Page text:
UNIVERSITY CITY, Mo. (KMOX) – This month’s vandalism of a Jewish cemetery — which made national headlines and prompted a visit from Vice President Mike Pence — might also have a lasting impact for laws in University City.
The Councilman of the 3rd Ward, Rod Jennings, is the measure’s sponsor.
“I would hope that somebody who’s thinking about attacking one of our synagogues, one of our mosques or one of our churches would realize that if they’re caught, this will follow them for life,” Jennings explained. “We will know who they are, where they are, where they’re going. If they move into another community, they’ll be watching.”
Related story: Muslim Effort to Aid Missouri Jewish Cemetery Tops $136,000
Jennings said it would work in much the same way as the sex offender registry.
It’s an idea heartily endorsed by Tracy Goldstein, who organized a vigil at the Chesed Shel Emeth cemetery last week.
“I support this just like I would if one of my neighbors were to be a predator against children,” she said. “They may be a predator against me for being Jewish, anybody for being black for being gay, and I think that’s really helpful information.”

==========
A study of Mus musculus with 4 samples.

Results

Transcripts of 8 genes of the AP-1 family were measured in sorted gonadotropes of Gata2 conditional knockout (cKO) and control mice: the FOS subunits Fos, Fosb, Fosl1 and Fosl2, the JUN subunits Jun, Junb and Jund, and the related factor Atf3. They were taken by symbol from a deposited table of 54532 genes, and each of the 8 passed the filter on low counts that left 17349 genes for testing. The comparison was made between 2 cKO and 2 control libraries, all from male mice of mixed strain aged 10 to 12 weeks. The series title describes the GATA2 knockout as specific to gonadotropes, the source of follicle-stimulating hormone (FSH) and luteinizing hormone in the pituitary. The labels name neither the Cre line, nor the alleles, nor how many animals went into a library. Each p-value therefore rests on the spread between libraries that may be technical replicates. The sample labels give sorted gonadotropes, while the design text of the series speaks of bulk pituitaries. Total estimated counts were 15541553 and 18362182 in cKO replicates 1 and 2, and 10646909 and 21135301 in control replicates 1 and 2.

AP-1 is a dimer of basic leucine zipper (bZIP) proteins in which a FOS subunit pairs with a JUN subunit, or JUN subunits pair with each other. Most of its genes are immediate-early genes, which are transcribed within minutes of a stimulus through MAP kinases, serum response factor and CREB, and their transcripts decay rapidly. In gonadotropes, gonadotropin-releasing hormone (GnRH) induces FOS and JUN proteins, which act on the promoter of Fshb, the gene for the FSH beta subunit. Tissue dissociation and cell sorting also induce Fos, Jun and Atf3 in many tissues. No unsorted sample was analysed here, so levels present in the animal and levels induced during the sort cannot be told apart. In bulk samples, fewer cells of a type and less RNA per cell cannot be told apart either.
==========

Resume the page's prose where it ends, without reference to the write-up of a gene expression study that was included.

Andrew Roberts agreed and said he supports the idea of a hate crime database, but he told council members to make sure it has some teeth.
“That’s my chief concern, that this bill doesn’t go far enough in preventing hate crimes in the future,” Roberts said. “I’m worried that if we pass it we might just say ‘Well that’s enough, we did it.'”
Jennings hopes this idea catches on in other area municipalities and possibly even across the nation, with the idea of creating a far-reaching net to catch anyone who takes part in hate crimes.
“My intent basically is to provide protection in a way that we could deter hate crimes against not only Jews, but Muslims, blacks, whites, the LGBT community — anybody basically that could be attacked in a hate crime,” Jennings said.
A vote on the measure is expected at the March 13th meeting of the University City Council.
Meanwhile, University City police report there’s “no new information” in the effort to track down those responsible for damaging nearly 200 grave markers at Chesed Shel Emeth cemetery, and the search for a suspect or suspects continues.